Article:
1. Bill Gross left Pimco. When some CEOs leave their companies the shareholders celebrate. In the case of Bill Gross leaving the shareholders of Pimco's parent company, Allianz, decided that the company was worth about 3.8 billion dollars less than the day before. Part of this 3.8 billion dollars is related to new information about the severity of the problems that caused Gross to leave in the first place. But because Bill Gross chose to join Janus Capital the same day, we are left with an estimate of about how much the market values the human capital of Bill Gross - slightly under $900 million dollars.
2. Clay Shirky tries to help his students stop multitasking. Apparently there are many drawbacks to multitasking and I should stop making assorted link posts. (fortunately for me these posts are generally a symptom of my multitasking and not one of its causes)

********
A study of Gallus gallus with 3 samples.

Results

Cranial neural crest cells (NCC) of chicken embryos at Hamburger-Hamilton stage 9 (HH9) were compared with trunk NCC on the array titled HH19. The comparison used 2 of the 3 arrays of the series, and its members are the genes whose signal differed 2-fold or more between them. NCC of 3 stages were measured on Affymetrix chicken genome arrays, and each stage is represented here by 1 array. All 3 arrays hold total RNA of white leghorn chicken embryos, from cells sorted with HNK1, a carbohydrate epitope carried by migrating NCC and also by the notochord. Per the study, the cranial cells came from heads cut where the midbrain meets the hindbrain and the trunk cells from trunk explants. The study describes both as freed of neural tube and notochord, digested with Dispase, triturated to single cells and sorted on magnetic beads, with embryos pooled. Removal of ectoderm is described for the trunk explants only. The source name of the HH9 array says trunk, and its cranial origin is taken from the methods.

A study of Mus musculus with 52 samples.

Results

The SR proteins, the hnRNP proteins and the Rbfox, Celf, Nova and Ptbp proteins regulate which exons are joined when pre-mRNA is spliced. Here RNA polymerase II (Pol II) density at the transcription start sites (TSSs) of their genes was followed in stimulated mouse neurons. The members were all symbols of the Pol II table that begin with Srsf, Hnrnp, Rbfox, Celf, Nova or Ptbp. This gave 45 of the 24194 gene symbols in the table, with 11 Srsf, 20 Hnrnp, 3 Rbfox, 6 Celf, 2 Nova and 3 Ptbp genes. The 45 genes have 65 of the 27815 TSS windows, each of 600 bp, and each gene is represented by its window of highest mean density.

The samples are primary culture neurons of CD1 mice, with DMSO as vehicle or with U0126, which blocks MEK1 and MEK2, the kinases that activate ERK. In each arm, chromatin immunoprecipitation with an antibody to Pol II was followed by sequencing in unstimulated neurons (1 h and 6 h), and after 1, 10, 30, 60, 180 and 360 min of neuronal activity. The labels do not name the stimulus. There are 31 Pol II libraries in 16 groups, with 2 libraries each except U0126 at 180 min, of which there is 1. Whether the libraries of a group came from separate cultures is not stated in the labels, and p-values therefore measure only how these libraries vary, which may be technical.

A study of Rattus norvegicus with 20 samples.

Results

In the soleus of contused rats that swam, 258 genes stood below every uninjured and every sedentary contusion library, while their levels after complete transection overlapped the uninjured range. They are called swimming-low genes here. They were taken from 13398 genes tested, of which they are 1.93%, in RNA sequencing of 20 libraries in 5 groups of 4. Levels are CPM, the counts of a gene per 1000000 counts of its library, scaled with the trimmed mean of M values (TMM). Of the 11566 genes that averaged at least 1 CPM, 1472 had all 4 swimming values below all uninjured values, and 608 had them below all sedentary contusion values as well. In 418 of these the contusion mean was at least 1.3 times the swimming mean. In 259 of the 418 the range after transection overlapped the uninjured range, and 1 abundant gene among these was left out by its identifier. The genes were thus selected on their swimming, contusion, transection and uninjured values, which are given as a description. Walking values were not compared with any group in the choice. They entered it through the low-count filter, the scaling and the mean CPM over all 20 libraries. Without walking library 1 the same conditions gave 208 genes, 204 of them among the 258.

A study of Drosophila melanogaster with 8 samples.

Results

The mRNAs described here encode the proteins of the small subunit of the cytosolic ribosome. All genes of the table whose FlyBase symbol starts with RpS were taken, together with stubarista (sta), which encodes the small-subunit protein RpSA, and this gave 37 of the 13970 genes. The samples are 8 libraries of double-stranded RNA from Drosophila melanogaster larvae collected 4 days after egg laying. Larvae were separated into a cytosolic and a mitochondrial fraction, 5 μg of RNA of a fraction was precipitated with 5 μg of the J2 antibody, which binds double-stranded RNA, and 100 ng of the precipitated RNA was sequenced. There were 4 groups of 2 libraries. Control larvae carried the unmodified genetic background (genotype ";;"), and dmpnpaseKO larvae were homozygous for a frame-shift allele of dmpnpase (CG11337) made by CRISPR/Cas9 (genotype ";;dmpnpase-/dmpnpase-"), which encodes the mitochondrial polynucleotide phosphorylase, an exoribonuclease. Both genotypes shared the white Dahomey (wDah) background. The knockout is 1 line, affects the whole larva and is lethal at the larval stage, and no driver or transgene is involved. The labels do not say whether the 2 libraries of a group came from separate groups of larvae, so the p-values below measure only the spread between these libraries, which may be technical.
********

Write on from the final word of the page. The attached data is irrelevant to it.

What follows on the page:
3. Regulatory capture in the financial sector: Goldman Sachs vs the Fed. We should expect these problems to persist for as long as regulators are hoping to find work for the companies they are regulating (or companies doing a significant amount of business with the regulated companies).
It's interesting to see the PR machine of Goldman go to work on damage control. First the response is "This person tried to get a job from us many times" implying that the employee was merely bitter. They also highlighted the fact that Goldman did have a conflict of interest policy and thus the whistle-blower was wrong (without any emphasis as to whether or not it was effective). Shortly thereafter, there is a massive change in Goldman's conflict of interest policy.